Spend a little time talking to education policy people in the United States and the words “college and career readiness” are bound to come up. In most states, college and career readiness (usually with an emphasis on the “college”) has become the guiding narrative behind schools policy – a narrative driven by America’s recent history of widespread HE participation, combined with shocking rates of remediation and degree completion.
Only about sixty percent of US higher education students graduate within six years, and many never do, with particularly low rates for some groups. In many respects, the US is not a model to emulate, with UK retention rates much better even if there is still significant inequality. However, the American focus on college and career readiness represents, at the very least, an acknowledgment that what happens in primary and secondary education has a bearing on what happens thereafter.
Back in the UK, we’re starting to talk about student success and retention more than ever. A frequently heard complaint is that students arrive at university too used to being ‘taught to the test’ and without the higher-order skills needed for independent study. It’s easy to blame schools, but they often lack the time and resources to develop these skills without parental support. Another common villain is the funding, examination and accountability systems within which schools work – fair perhaps, though not things that are within the power of most of us to change.
Over a billion pounds will be spent nationally on widening participation and access initiatives next year. Could we be doing more, not just to encourage the most under-represented pupils to apply to university, but to help them succeed when they get there?
At the Brilliant Club we work with over 30 universities, 500 state schools and 10,000 pupils a year. Based on that experience, we believe the best access interventions support the development of key skills that get young people ready for a successful progression to higher education. By placing doctoral and post-doctoral researchers in schools, to deliver programmes of university-style tutorials, supplemented by two university trips, we explicitly seek to develop six competencies in students. These represent a mix of cognitive and non-cognitive skills which, research has indicated, are linked to improved academic attainment and broader life outcomes:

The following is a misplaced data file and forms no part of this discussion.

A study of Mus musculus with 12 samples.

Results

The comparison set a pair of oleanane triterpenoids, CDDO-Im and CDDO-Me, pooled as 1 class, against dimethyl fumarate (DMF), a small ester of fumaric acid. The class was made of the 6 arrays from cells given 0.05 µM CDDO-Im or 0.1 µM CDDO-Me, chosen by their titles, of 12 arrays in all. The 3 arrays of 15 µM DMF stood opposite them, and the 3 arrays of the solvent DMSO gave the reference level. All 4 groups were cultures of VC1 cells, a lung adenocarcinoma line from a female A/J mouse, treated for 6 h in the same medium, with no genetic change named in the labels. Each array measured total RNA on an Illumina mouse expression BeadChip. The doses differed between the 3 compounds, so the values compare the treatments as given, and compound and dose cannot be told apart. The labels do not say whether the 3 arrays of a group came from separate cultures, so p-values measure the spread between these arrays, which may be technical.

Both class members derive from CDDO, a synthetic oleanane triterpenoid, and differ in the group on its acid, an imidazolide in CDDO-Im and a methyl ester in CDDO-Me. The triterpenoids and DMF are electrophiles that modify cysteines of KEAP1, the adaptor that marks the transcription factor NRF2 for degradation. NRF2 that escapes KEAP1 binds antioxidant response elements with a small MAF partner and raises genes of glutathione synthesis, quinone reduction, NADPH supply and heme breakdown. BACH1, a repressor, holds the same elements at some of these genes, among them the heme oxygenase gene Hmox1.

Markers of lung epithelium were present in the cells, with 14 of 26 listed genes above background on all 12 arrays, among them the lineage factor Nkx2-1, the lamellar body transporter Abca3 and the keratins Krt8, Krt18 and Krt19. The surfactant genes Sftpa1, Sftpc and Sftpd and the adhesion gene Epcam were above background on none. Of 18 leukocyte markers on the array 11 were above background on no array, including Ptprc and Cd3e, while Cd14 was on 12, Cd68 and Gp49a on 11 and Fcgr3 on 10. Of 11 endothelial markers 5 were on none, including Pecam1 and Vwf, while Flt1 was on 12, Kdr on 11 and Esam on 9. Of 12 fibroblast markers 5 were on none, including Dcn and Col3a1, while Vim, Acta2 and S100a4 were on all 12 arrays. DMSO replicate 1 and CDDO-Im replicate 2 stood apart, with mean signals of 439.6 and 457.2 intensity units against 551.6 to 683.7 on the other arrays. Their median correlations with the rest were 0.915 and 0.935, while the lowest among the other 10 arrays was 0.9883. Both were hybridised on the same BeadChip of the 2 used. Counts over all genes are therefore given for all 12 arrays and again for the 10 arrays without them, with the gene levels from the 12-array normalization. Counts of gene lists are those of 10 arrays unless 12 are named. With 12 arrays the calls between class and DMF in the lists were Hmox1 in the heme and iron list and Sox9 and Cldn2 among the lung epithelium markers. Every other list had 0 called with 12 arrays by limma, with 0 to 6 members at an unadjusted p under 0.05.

- Written and verbal communication: the ability to use written information or spoken language to convey ideas clearly and appropriately.
- Subject knowledge: having a deep-level of understanding about the topic studied (which relates to the expertise of the tutor).
- University knowledge: new knowledge about university options and how to successfully apply.
- Motivation and self-efficacy: motivation being the factors that drive an individual to behave in a particular way (e.g. studying hard because they enjoy the subject), and self-efficacy being their belief that they can achieve a future goal (e.g. I will attend a highly-selective university).
- Meta-cognition: the ability to think explicitly about one’s own learning.
- Critical thinking: the ability to analyse and evaluate a subject objectively to form a judgement.
Measuring all these competencies rigorously and consistently is an ongoing challenge, both for us and the partner schools and PhD tutors we work with. But the overall effect has been to provide a shared language of impact for everyone working with our programmes.
There are lots of things that schools already do to develop these skills, but university access interventions have the potential to help pupils deepen and practice these skills in context i.e. in the context of thinking about and preparing for transition to university. We start as early as Year 5 (10 year olds), so it’s important for us and our partner schools to be able to measure the immediate impact of the programme for pupils who are several years away from applying, as well as continuing to hold ourselves accountable for their eventual university destination.
What can HE do?
However, the greatest implication here is for universities. Sure, access/WP interventions that raise awareness of university, or provide information about higher education choices, are valuable in themselves. Those that seek to ‘raise aspirations’ also have merit, although I’d argue that pupils often start with high aspirations, but lose their self-efficacy to achieve them as they grow older. But, as the institutions who spend most of that access money, it’s right that universities should also expect the interventions they support to build the skills that prospective students will need when they arrive.
Rather than argue about whether it’s schools or universities that are responsible for preparing young people for higher level education, we can learn from the example of those who are already working together to achieve just that through their access efforts. In fact, maybe it’s time for us to stop talking only about ‘access’ or ‘widening participation’ for underrepresented groups, and start talking about ‘university readiness’.
The Brilliant Club is running a series of six research seminars, in partnership with UCL, looking at how academic research is being used to inform practices in schools and widening participation – the seminars started this month and run until April 2018. This article is from an accompanying four-part series on the theme of ‘impact in school-based university access work’.